Glass’s to revisit Leaf forecasts
Following the news that 99.99% of Nissan Leaf battery units remain entirely fit for purpose, Glass’s has stated it will be ‘looking again at its residual value forecasts’.
The Nissan Leaf failure rate of the battery power unit is less than 0.01 percent – or just three units in total – a fraction of the equivalent industry-wideꜞ figure for defects affecting traditional combustion engines.
To prove the long-term reliability of the battery technology, Nissan also tracked down a rather infamous early model, whose owner is still enjoying fault-free motoring in her LEAF three years on.
Rupert Pontin, Glass’s head of valuations, said, ‘This is something of a watershed moment for the EV sector, with a major car manufacturer being able to report on the long-term reliability of batteries for the first time – and the results are very, very good.
‘They are good enough that, as an expert in this field, we will be looking again at our residual value forecasts for LEAF and probably revising them upwards. Long-term battery life has been a definite concern for used EV buyers but the new figures from Nissan effectively remove this worry.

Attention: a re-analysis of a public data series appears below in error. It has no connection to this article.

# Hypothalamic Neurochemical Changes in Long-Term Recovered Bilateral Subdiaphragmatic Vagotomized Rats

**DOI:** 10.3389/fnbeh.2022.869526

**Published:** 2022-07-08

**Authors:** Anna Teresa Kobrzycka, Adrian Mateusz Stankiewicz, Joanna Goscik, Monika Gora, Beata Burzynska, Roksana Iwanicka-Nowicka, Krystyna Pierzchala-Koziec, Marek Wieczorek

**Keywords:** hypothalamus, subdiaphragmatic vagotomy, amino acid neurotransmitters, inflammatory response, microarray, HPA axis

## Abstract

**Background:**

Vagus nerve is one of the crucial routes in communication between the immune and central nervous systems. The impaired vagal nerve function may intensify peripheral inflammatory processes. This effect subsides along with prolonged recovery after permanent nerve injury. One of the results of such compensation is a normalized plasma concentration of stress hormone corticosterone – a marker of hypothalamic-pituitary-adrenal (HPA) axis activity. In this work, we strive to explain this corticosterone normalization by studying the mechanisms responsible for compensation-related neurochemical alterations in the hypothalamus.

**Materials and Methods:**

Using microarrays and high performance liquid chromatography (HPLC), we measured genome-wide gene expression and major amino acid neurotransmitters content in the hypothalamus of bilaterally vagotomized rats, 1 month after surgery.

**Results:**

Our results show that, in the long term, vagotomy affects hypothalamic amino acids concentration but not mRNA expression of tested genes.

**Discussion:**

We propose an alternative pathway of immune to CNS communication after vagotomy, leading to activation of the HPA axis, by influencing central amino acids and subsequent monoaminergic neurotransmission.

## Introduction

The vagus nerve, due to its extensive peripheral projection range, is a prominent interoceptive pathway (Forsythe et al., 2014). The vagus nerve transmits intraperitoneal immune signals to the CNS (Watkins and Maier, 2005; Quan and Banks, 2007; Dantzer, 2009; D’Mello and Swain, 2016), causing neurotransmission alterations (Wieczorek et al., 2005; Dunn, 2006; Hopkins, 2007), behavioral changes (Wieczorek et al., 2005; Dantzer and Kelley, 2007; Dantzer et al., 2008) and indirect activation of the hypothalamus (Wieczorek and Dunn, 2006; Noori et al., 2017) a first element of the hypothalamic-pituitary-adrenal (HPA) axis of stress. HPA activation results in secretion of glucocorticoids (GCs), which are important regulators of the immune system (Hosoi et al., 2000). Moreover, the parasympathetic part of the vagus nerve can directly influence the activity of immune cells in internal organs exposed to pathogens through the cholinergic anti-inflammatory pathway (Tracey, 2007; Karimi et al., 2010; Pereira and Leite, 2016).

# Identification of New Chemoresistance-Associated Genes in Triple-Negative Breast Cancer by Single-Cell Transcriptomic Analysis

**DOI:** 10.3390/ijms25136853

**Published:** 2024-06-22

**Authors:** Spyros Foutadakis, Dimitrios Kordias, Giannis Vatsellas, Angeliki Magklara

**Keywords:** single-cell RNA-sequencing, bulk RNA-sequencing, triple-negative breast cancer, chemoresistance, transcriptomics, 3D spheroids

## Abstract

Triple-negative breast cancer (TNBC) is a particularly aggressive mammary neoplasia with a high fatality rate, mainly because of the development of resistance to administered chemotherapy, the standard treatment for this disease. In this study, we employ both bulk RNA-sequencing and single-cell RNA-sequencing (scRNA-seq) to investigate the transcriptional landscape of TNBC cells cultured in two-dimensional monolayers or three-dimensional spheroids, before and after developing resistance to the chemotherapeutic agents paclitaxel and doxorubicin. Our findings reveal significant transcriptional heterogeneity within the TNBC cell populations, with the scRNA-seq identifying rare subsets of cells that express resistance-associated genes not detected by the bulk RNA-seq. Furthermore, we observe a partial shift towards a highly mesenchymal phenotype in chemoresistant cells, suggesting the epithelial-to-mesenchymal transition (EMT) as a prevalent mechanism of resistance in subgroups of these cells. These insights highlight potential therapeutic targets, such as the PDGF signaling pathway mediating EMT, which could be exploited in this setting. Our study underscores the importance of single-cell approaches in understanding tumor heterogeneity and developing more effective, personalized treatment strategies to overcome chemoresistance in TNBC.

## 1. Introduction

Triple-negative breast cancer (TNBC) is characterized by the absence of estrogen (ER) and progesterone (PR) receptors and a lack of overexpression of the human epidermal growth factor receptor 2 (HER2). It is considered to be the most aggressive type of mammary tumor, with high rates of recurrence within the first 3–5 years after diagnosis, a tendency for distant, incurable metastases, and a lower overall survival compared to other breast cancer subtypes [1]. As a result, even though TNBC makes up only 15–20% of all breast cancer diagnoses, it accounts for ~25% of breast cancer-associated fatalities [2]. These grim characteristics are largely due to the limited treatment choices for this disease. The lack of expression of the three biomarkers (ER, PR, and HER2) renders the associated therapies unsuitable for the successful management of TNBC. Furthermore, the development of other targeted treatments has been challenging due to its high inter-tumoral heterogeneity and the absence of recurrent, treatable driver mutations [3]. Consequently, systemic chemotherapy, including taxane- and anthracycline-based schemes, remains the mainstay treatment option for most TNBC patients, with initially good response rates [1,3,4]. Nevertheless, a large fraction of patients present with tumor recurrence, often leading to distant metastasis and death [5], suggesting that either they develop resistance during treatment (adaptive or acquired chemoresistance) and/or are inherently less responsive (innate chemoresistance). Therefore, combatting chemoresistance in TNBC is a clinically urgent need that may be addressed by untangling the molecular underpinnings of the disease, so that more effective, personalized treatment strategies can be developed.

‘Really, Nissan has gone through a process with the LEAF similar to Toyota with the first generation Prius several years ago, where the cars had to be proven in real life conditions before used buyers could feel confident. Now, the Prius enjoys excellent residuals and the LEAF should start to find a similar level of market acceptance.
‘Generally, Glass’s has taken a bullish view on EV technology and we are pleased to see that our forecasts are starting to translate into strong, real world results. Also, Nissan are to be congratulated for their bravery in this area and the investment they have made in bringing EV technology to the mass market.’
The Nissan LEAF has smashed its own sales record with a 33% increase in sales in 2014 over the previous year, taking more than a quarter of the burgeoning electric car market with 15,098 sales.